President Muhammadu Buhari on Tuesday met a delegation from the Senate over the face-off between the Senate and the Inspector-General of Police, Ibrahim Idris.
Members of the delegation were led to the meeting that held behind closed doors inside the President’s office at the Presidential Villa, Abuja by the Senate Leader, Ahmad Lawan.
Other members of the team were the Chief Whip, Olusola Adeyeye; Minority Leader, Godswill Akpabio; Danjuma Goje; Sam Anyanwu; Aliyu Wammako; Fatima Raji-Rasaki; and Oluremi Tinubu.
The Senate had last week Wednesday set up a nine-member committee, to meet the President over an allegation that the IG was trying to implicate the President of the Senate, Bukola Saraki.
The Senate President had during the plenary told his colleagues that the IG had transferred some criminal suspects undergoing interrogation in Kwara State to Abuja to make statements to implicate him.
At the end of the meeting, Senator Abdullahi Adamu spoke with State House correspondents in Hausa.
Adamu explained that the meeting was necessitated by the allegation Saraki made against the IG on the floor of the Senate.
He said, “What brought about the need to meet the President came about in the Senate last week.
“The Senate President made some comments to the effect that he received a call from his governor, Abdulfatah, that some persons, suspected to be cultists who are undergoing investigations in Ilorin, Kwara State, would be transferred to Abuja and it was becoming a problem that was why the governor intimated him.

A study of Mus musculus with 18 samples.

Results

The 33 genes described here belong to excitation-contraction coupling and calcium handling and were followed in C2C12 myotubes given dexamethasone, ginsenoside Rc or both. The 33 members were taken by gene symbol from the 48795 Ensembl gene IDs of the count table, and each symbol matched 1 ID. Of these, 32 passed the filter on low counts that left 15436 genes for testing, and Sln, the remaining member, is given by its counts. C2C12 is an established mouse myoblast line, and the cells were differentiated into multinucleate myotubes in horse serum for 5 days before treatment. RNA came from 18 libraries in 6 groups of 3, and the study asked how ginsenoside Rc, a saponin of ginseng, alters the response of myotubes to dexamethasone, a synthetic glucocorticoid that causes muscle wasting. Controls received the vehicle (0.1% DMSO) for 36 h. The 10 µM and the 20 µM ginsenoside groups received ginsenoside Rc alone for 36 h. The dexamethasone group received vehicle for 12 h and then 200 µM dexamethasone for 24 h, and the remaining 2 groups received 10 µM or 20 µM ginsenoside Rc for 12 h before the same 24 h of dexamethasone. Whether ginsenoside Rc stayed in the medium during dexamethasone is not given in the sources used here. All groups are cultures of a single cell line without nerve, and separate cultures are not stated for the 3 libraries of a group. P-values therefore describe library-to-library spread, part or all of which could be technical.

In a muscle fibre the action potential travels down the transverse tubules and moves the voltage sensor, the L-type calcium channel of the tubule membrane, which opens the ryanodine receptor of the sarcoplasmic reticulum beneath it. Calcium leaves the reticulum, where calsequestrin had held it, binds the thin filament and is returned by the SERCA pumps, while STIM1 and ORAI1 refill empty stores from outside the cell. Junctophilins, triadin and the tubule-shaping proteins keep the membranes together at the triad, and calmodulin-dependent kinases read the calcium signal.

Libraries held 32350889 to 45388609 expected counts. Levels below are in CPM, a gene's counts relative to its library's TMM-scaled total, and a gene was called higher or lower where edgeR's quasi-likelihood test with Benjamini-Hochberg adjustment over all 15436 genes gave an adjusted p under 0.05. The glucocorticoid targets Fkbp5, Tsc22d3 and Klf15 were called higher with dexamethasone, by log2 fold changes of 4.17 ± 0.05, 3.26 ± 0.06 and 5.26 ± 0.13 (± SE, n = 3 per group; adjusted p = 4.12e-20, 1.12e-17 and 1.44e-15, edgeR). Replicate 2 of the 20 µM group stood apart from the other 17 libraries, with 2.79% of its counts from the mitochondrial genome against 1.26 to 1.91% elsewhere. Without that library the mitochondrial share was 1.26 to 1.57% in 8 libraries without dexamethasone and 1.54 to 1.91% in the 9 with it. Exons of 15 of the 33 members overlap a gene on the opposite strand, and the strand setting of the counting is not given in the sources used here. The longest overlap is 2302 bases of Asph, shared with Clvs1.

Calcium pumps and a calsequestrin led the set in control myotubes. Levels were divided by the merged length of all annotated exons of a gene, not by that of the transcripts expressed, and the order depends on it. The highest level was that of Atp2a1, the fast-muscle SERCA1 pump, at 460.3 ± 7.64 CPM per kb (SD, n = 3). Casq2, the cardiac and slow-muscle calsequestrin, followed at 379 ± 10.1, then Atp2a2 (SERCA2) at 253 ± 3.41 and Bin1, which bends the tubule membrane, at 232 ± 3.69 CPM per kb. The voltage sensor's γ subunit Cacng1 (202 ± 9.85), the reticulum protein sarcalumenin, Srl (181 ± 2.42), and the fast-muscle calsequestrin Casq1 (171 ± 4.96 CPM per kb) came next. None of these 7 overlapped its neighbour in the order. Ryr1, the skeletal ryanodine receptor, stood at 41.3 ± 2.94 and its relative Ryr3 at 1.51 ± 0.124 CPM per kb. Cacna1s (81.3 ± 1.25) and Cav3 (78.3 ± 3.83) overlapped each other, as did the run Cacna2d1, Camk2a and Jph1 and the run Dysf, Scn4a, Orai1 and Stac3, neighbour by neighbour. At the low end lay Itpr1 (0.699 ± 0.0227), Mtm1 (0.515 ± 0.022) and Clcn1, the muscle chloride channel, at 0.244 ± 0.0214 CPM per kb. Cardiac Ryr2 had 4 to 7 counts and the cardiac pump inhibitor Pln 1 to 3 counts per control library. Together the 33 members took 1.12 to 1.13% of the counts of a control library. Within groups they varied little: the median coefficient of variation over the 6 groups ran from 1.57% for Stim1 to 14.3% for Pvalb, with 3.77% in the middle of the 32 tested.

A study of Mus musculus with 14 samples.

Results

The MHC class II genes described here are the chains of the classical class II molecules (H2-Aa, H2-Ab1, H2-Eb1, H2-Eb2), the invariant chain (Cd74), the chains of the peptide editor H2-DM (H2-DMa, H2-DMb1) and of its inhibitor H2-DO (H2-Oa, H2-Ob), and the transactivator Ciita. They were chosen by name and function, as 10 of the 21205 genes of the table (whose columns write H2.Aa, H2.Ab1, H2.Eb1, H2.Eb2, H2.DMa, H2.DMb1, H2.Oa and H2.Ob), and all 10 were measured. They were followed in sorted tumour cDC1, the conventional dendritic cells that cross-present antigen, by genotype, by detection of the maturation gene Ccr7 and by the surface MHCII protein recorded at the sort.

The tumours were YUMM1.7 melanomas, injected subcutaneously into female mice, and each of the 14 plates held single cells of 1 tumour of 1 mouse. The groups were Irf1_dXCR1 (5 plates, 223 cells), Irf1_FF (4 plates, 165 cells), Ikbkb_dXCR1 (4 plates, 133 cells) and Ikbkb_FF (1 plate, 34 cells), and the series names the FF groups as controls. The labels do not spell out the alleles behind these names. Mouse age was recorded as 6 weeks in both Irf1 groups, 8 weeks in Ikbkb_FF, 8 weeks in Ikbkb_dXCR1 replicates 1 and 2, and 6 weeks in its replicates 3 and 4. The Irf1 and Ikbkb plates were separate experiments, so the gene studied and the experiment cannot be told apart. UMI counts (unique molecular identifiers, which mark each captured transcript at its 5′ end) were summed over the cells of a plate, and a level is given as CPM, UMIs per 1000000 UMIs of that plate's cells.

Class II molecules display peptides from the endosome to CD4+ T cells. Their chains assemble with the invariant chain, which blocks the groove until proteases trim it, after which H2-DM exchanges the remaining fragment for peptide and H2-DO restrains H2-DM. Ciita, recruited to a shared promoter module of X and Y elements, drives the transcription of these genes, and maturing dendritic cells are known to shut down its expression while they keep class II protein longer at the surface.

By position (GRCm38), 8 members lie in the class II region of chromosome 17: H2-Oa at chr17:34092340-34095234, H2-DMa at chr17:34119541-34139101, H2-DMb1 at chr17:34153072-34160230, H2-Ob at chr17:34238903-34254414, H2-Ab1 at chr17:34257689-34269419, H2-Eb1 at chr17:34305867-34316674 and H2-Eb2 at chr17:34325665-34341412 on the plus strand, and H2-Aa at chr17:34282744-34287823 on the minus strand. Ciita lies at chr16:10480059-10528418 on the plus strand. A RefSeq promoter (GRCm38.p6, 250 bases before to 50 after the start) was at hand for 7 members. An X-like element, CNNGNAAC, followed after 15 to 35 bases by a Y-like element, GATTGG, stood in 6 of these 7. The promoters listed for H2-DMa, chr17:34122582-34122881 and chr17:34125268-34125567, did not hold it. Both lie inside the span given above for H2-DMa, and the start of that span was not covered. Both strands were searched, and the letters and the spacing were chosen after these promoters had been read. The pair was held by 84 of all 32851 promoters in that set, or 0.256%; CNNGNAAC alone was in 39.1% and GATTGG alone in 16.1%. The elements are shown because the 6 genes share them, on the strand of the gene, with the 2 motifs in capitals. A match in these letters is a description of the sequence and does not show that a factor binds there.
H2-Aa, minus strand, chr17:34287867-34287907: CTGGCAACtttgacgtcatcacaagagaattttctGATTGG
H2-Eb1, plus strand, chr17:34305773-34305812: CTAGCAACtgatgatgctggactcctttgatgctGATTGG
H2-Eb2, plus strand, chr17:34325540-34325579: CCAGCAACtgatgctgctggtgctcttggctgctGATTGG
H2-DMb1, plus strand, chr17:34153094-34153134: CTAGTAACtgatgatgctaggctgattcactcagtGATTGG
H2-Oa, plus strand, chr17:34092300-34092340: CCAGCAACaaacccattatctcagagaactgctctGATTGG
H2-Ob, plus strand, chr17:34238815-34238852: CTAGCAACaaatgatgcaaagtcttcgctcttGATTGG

“That was why it was decided that we should come, as leaders in the Assembly to hear what is going on and if anything can be done about it.”
He said it was important to brief the President and hear from him because of the frosty relationship that had been existing between the two arms of government.
Adamu said the situation would not have arisen if there was a cordial relationship between the arms of government.
The federal lawmaker said the frosty relationship had encouraged issues that he described as small matters to be blown out of proportion.
“A small matter is often overblown and it becomes a problem for everybody.
“This is the result of some unnecessary utterances because things are not going as expected.
“So long as suspicion and accusations continue to exist within the minds of some people who ordinarily shouldn’t have them, these things will continue,” he said.
Adamu said nobody needed to be told that what was playing out was pure politics.
He admitted that the meeting with the President should not have been necessary again with the clarification made by the police.
“A senior police officer in Kwara had stated that the name of the Senate President was not mentioned.
“If that is the case, there is no need for all these emissaries. But since we have decided that a team should come, we have come to hear from the President and he listened to us,” he said.
He, however, refused to disclose what Buhari told them at the meeting.
The Presidency has yet to issue any statement on the meeting as of the time of filing this report.